Of all the old ruined or abandoned buildings that dot the countryside of Ireland, one type has the distinction of being the most hated – the workhouse. Many have disappeared: most of the West Cork workhouses have been pulled down or completely rebuilt as community hospitals. A few hints remain – a wall here, a shed there. The workhouse in Schull, although in a ruinous state, has managed to maintain enough of a presence to remind us of its former role in the community. Surrounded by a high stone wall, you can still see parts of the administration building where inmates were admitted, remains of the dormitories and the hospital.
We wander around a lot of ruins here in West Cork, but this one is different. No good feelings emanate from these walls. Instead, an aura of decay and sadness lies thick upon the site. We found ourselves exploring in silence, contemplating the misery that was the inevitable condition of those who entered.
Workhouses were built throughout the nineteenth century in Ireland. The philosophy of charity prevailing at the time dictated that the workhouse must represent the absolute last resort of the desperate – those who could no longer feed, clothe or house their families or themselves. Once admitted, families were separated and might never see each other again. All inmates were assigned hard labour, although some rudimentary schooling was provided for children. There was no comfort, little sanitation, crowded conditions and meagre allowances of food.
The Irish Workhouse Centre in Portumna has an excellent website if you want to learn more about the Irish context, but the site that dwarfs all others in the sheer amount of information is The Workhouse: The Story of an Institution, created and maintained by Peter Higginbotham. He makes the point that not all was bad about workhouses, that many workhouses in Britain provided inmates with sanctuary, life-saving treatment and skills. This is not their reputation in Ireland, however, where their memory evokes dread and abhorrence. Part of this is rooted in their response to the Great Famine of 1845-49. Established to provide Inside Relief many of them initially turned away those who came to the gates asking not to be admitted but to be fed. For those inside, conditions at this time were appalling. As an example, the Durrus History Blog records the report of a Dr Stephens on a visit to the Bantry Workhouse in 1847.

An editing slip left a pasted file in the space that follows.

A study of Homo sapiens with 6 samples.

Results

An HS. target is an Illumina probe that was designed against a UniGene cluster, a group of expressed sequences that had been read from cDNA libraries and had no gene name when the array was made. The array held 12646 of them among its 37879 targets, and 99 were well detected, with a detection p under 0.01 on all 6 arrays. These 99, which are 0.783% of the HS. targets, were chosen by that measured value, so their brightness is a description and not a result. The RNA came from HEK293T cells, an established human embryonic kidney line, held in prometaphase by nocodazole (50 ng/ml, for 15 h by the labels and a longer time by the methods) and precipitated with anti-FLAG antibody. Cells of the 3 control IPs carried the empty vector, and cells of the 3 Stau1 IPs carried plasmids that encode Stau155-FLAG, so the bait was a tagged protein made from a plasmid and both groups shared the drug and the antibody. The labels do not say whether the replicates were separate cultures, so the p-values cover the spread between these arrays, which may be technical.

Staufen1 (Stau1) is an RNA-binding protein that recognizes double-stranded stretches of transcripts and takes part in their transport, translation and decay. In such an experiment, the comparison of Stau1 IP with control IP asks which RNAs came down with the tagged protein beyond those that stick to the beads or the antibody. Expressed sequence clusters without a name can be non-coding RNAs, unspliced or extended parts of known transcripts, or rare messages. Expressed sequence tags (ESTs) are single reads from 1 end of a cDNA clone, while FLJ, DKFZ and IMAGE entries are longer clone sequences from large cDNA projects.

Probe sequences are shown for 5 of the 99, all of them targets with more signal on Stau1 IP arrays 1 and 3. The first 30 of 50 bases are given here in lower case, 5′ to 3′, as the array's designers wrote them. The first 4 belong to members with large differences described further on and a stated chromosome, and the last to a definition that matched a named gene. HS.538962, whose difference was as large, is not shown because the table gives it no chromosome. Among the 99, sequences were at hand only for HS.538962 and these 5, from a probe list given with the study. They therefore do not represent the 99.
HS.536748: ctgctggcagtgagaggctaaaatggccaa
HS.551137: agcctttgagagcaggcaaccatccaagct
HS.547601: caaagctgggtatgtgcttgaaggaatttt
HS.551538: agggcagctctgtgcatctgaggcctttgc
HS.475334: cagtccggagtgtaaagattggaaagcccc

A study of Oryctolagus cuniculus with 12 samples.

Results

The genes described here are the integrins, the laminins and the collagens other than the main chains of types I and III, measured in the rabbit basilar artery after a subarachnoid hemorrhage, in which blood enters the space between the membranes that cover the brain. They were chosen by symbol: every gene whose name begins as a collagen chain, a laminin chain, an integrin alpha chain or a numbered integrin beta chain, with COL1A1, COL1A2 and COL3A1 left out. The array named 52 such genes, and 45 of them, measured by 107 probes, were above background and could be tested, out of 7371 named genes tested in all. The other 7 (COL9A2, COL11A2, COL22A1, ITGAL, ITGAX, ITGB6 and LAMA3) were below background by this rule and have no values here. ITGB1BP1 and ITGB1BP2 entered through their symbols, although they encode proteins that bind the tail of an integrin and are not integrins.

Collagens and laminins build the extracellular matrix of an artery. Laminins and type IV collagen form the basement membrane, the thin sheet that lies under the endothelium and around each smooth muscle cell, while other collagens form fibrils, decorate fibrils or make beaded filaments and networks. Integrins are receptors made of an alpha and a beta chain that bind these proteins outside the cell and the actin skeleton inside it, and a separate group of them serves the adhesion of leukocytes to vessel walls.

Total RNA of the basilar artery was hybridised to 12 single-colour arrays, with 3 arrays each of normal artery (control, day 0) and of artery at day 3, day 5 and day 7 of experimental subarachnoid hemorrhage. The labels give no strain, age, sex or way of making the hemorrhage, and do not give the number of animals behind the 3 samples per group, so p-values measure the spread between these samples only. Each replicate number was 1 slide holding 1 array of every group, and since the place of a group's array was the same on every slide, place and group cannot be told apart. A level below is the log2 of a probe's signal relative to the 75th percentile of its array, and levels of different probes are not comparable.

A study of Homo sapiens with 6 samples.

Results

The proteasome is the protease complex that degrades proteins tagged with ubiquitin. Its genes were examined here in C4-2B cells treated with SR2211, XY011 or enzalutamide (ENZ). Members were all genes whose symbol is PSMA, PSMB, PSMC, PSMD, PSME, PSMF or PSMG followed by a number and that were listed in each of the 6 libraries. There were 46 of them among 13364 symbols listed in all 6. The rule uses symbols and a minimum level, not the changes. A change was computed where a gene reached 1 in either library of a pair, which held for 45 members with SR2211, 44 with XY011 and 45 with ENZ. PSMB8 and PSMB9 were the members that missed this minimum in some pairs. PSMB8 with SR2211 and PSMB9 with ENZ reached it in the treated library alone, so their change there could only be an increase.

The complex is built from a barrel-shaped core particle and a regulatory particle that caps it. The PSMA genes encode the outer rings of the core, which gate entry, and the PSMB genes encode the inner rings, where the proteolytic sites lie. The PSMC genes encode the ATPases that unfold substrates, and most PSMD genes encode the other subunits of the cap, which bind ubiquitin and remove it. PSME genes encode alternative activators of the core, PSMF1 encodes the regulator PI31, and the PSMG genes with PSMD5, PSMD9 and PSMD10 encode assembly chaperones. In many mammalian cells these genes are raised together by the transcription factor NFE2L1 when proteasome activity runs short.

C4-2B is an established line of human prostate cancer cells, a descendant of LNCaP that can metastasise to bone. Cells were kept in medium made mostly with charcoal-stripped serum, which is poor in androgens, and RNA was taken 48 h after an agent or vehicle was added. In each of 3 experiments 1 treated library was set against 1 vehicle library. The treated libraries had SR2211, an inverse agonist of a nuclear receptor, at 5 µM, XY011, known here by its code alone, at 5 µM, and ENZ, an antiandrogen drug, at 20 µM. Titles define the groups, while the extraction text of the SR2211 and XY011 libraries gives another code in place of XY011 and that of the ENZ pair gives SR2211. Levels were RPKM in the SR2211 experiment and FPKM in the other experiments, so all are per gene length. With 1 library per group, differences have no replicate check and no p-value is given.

The workhouse in Schull was not built until 1851, in the aftermath of the Famine. It was burned down in 1921 during the War of Independence (there’s an account here), as were many workhouses, to prevent it being used as a barracks by the British army. When the Irish Free State was established, one of the first acts of the new government was to abolish the despised workhouse system and transfer its responsibilities to a new Ministry of Health.
Because all Irish workhouses were designed by the same man, to one plan, you can get a better idea of how the Schull workhouse might have looked on Tarquin Blake’s brilliant Abandoned Ireland website. An exception to this sameness was the Durrus Grainstore, pressed into service as an auxiliary workhouse at the height of the hunger for a couple of years.